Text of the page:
Teachers’ Day in Russia

Media & Culture

Aigul Minabutdinova

Sat, 05 Oct 2019 10:47 GMT

The word ‘teacher’ is very precious for each of us, capturing as we utter it, our childhood and youth, our first steps to knowledge, the first word we read and the joy of our early successes.

World Teachers’ Day is a bright and special day, because for each of us, a teacher, like a guiding star, leads us from our first school days through to the complex yet fascinating realm of knowledge. 

Any discovery in the world begins with a teacher, it is hard to imagine what life would be on earth if there were no teachers.

In October, Russia celebrates, as do other countries, one of its most important holidays: Teachers’ Day.

From 1965 to 1993, Teachers’ Day in Russia was celebrated on the first Sunday of October. Since 1994, the celebration has been moved to October 5th.

This holiday is not a day off for anyone, even teachers go to work if October 5th falls on a working day. But in some schools in honour of the day, lessons can be shortened.

How is Teachers’ Day celebrated?

Pupils and their parents congratulate teachers on the occasion of their special day, and wish them health and success in their work, giving them bunches of flowers and gifts. The schools host festive celebrations, performances by creative groups with songs and dancing. There are exhibitions of work by pupils and posters of schoolwork line the walls. In some schools, a day of self-government is organised, and students give the lessons.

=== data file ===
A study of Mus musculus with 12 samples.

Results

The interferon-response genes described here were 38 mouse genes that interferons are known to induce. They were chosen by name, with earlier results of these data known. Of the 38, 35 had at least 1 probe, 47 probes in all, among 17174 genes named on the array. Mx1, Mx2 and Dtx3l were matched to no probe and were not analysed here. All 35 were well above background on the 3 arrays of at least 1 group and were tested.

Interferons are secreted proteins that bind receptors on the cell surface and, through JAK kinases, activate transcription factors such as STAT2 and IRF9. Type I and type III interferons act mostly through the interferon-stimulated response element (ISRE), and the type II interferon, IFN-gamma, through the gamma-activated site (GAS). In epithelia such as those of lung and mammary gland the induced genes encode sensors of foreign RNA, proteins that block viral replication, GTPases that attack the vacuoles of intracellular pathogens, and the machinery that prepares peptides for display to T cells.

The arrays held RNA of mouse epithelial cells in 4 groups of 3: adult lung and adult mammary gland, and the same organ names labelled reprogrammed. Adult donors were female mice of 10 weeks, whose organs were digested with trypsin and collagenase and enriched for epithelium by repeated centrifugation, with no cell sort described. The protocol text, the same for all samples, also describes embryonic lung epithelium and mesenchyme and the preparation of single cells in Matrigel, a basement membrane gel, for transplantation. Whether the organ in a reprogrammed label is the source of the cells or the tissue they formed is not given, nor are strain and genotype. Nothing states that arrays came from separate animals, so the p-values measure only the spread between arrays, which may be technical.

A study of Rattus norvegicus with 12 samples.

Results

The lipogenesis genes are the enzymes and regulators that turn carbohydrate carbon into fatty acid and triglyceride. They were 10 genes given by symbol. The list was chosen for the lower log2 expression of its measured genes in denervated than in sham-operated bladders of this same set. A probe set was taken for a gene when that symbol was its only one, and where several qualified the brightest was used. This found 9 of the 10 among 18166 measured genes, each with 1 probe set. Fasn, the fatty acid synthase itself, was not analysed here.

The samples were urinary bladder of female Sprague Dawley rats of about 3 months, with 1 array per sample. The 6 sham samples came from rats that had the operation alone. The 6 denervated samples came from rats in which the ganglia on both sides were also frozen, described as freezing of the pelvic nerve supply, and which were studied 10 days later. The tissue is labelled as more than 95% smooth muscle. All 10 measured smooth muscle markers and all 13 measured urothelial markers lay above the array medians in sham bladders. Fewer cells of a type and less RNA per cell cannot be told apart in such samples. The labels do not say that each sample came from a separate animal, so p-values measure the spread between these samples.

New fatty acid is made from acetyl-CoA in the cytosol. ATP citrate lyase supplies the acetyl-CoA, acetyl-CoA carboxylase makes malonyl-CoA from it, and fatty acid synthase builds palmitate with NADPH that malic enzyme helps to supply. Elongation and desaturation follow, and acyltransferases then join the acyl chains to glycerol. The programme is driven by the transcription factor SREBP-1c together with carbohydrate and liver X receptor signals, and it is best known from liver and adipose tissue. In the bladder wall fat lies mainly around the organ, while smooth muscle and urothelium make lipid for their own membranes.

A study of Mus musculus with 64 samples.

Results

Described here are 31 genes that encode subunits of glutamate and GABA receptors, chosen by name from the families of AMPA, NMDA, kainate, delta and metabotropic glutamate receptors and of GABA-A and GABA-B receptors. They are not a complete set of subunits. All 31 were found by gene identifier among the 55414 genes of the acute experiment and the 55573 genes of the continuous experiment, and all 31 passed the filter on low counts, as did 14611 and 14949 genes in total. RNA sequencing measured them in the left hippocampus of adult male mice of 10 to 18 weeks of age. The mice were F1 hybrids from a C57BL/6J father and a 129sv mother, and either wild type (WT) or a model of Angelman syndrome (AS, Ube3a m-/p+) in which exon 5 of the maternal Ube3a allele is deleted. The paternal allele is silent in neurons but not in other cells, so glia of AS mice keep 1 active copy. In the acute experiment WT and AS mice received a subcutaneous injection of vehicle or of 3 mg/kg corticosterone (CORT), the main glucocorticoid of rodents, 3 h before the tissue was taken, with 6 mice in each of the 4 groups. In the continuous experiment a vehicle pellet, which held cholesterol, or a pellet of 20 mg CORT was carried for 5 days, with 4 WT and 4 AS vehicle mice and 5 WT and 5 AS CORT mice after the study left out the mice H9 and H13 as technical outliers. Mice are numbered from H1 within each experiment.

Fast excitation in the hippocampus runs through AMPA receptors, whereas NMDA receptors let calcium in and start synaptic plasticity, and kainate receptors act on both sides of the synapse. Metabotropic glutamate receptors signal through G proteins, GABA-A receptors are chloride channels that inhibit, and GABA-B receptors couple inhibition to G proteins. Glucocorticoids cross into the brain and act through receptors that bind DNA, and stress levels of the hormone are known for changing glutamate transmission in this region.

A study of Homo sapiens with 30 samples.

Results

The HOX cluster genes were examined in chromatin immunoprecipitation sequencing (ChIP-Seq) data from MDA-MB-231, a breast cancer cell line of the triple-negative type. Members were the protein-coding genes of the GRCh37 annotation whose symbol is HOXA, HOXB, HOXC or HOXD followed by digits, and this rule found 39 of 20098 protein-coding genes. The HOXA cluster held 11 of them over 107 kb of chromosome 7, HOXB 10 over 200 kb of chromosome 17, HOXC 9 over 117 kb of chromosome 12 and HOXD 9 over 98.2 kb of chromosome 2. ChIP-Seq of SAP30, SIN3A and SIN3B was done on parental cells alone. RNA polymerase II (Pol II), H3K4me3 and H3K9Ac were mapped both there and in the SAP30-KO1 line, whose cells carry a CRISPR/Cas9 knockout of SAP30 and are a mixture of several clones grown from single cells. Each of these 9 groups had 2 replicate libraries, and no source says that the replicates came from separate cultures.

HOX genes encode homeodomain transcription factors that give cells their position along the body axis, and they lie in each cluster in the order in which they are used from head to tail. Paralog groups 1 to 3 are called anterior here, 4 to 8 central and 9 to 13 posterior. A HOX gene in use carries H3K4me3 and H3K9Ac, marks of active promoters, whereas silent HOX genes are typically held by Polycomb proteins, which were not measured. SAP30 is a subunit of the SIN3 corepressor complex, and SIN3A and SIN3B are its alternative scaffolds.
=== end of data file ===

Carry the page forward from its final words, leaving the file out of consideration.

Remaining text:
Outstanding teachers receive diplomas and awards from the school or the state.

As reported by the Russian news agency TASS, about 2.5 million Russian teachers and school staff will celebrate Teachers’ Day this year. 

The Minister of Education of the Russian Federation Olga Vasilyeva congratulated all teachers on the occasion of the holiday, wishing them patience and forbearance in their work. 

The overall winner of the competition ‘Teacher of the Year’ in Russia announced on Friday October 4th, was Larisa Arachashvili, a Russian language teacher from Volgograd.